It's the season of renewal, growth... and Spring Cleaning, of course.
When I was a kid, I dreaded Spring Break. Instead of taking a vacation or hanging out at the beach, my family spent the entire week deep-cleaning the house: scrubbing literally every surface, shampooing the carpets, oiling wood, disinfecting beds, laundering curtains, sorting toys, emptying every cabinet and drawer to clean and assess its contents. A whiff of Pine-Sol or Murphy Oil Soap instantly takes me back to polishing mirrors and wishing I were on vacation. It wasn’t torture, exactly… in retrospect, while I surely would have jumped at the chance of a Spring Break trip instead, the week had gratifying moments.
Spring Cleaning taught me the power of resetting a space and letting go of things that no longer serve a purpose. It gave me the chance to reacquaint myself with things I had forgotten about, and it introduced me to the fun of rearranging furniture and creating new organizational hacks and giving new life to old things. It reminded me of what abundance exists in simply having a place to lay your head and call your own. At the most basic level, this practice also gave me satisfying visual proof of my hard work.
Clutter makes me feel anxious, so these days, I set aside a little time for daily maintenance to keep my spaces tidy and ideal for relaxing and recharging. Once a week, I open all the windows and play music while I clean the bathrooms, vacuum, change the sheets and tend to my plants. And about once a month, I dedicate a day to improving one area of my home (because who has a whole week?) or a specific project.
Recent home improvements include converting a coat closet into a pantry to free up space in my tiny kitchen, creating a wall hanging with an old dowel and excess yarn to dress up an empty space and decorating my coffee table with rocks and plants I already had to prevent clutter from collecting there. These have made life a little more comfortable and are nice to look at, too.
Quarantine gives us the opportunity to accelerate our home improvements—and actually enjoy them as soon as they’re done. If you want, once-a-month projects can become once-a-week projects… but the ambiguity of our situation means you shouldn’t feel pressure to complete them within a certain time frame and can take your time to enjoy the process and do a thorough job. The best of both worlds.
How do you get started if you’ve never done anything like this before? One method is to remember these three Rs: recenter, refocus, reorganize.
Recentering keeps your ultimate goal in mind so you can narrow your sight instead of feeling overwhelmed by everything you’d like to accomplish ever.
Start by figuring out what would make your favorite (or least favorite) space in your home more comforting. Imagine yourself coming home after a long day out and needing to relax. Where’s your go-to chill spot? What do you like about it, and how would you change it? What helps you unwind? Music, plants, books, a breeze? Is the space too busy to let your mind wander, or do you enjoy having a lot to look at and touch? Do you have bare walls you wish were decorated instead? Is it difficult to find the remote control when you want it?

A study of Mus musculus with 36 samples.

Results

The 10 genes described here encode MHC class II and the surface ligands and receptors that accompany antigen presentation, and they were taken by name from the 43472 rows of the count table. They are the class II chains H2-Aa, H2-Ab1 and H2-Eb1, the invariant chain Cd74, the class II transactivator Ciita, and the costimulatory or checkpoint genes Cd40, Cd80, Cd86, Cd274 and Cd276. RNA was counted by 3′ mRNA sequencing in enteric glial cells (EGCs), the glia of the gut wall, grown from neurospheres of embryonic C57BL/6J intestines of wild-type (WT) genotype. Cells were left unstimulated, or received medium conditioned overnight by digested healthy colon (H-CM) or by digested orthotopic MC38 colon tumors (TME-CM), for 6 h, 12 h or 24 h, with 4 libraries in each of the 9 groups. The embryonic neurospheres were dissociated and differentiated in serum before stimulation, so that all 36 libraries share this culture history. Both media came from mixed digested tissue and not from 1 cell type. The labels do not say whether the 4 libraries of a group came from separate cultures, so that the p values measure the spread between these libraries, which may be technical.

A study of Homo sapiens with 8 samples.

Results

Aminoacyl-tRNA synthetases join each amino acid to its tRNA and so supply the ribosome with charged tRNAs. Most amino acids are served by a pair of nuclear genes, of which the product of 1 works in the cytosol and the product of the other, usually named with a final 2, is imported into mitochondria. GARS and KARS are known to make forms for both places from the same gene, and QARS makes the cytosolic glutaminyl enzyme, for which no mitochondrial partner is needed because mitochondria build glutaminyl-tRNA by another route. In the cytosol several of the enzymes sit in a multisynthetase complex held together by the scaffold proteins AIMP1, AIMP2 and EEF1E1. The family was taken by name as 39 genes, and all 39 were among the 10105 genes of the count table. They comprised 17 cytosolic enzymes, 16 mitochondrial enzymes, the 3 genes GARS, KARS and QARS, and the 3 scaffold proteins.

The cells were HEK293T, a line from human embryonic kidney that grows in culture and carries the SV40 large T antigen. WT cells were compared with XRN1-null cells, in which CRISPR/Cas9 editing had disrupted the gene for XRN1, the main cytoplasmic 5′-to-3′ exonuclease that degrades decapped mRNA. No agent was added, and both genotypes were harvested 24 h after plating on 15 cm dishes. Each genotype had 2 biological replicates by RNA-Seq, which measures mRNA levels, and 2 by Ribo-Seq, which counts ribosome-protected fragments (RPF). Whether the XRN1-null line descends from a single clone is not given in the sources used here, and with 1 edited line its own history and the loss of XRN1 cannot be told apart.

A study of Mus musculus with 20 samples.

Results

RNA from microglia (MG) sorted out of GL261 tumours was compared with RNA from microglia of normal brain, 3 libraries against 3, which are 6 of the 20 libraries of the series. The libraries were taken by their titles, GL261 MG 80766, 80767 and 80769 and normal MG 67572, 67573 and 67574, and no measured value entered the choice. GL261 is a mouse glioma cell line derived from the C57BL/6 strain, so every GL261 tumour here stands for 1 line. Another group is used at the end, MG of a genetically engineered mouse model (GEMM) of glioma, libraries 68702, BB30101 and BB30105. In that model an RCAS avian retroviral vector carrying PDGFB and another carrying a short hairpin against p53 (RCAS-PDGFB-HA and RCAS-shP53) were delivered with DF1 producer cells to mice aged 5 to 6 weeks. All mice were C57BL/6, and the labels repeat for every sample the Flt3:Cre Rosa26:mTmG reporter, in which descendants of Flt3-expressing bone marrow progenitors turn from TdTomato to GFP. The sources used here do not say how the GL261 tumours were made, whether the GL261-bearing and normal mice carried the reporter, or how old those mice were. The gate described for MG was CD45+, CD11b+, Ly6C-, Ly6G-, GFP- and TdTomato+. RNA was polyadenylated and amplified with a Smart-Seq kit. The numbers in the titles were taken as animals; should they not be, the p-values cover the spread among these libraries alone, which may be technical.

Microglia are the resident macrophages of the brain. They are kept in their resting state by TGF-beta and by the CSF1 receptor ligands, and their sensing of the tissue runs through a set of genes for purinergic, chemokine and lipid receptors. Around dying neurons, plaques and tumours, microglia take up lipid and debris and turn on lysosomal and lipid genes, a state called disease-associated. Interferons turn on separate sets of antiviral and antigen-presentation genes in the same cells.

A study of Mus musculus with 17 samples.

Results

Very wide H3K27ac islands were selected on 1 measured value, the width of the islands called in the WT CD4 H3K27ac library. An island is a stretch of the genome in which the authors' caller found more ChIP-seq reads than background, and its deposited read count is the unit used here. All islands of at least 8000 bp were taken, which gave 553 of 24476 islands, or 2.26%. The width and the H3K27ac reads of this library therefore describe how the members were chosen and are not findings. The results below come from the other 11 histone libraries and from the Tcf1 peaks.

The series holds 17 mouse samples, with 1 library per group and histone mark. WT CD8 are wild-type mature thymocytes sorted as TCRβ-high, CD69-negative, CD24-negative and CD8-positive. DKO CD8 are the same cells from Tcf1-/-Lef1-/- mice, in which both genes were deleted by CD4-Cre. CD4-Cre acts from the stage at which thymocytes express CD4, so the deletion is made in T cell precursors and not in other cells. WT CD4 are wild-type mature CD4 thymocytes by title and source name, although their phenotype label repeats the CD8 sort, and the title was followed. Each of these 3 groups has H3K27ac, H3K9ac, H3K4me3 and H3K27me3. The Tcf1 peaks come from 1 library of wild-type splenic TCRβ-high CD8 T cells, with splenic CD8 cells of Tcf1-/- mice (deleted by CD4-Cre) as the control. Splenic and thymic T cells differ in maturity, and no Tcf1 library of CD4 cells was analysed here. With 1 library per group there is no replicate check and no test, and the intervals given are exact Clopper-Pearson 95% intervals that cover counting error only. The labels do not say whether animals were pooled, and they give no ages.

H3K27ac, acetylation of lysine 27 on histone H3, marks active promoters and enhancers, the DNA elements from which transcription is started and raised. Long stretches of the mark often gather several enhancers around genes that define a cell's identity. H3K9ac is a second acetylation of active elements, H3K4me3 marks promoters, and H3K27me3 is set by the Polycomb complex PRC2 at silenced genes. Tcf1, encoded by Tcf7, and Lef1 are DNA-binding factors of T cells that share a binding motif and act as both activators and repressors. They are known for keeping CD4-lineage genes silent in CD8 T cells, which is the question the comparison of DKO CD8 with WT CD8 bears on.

Refocusing is about taking a bit at a time and making some changes in one area to see progress and be able to enjoy the fruits of your labor as soon as possible.
Once you’ve determined what’s most important to your space, start a to-do list of things you can do yourself to begin shaping the area into your ideal picture. Limit the list to things under your control; for example, if you rent and are not allowed to paint a preferred color, maybe hanging a textile or removable wallpaper is an option. Or if you’re dreaming of a new sofa but don’t have the budget right now… would a sofa cover or throw pillows be a temporary improvement? By focusing on things you can accomplish yourself, you’re bound to feel some satisfaction as you mark off to-do list tasks.
A.A. Milne said, “One of the advantages of being disorganized is the joy of discovery,” but that’s probably about it. Disorganization is such a drain on our energy and focus. Have you ever felt the frustration of lost keys or missing paperwork that you need right away? Fortunately, there are many ways to get organized (more ways to feel good!), and usually they can be done while watching a movie, listening to music or chatting with friends.
Pick one simple thing to organize at a time: toys, books, records or (if you’re ambitious) computer files are some ideas. Use the same recentering exercise to determine your organizational method. For example, if you’re organizing spices, imagine yourself cooking and reaching for what you need… how would you most easily find what you need? Would you prefer them to appear alphabetically or by type of cuisine or something else? Books can be organized by genre, author or color. Once you’ve settled on a method, sorting and rearranging becomes quick work. Make sure you include sorting options for donations so you can purge as you go.
Repeat this process until your space comes together. Give your organization staying power by committing to putting things back where they belong after use.
Don’t forget the most important part of improving your space: taking the time to kick back and soak in the goodness.
April Carter Grant
Originally from the rural Midwest, April has worked as a creative in the advertising, gaming, travel and beauty industries. An avid walker and sometime runner, she lives in LA with a young son and spazzy dog.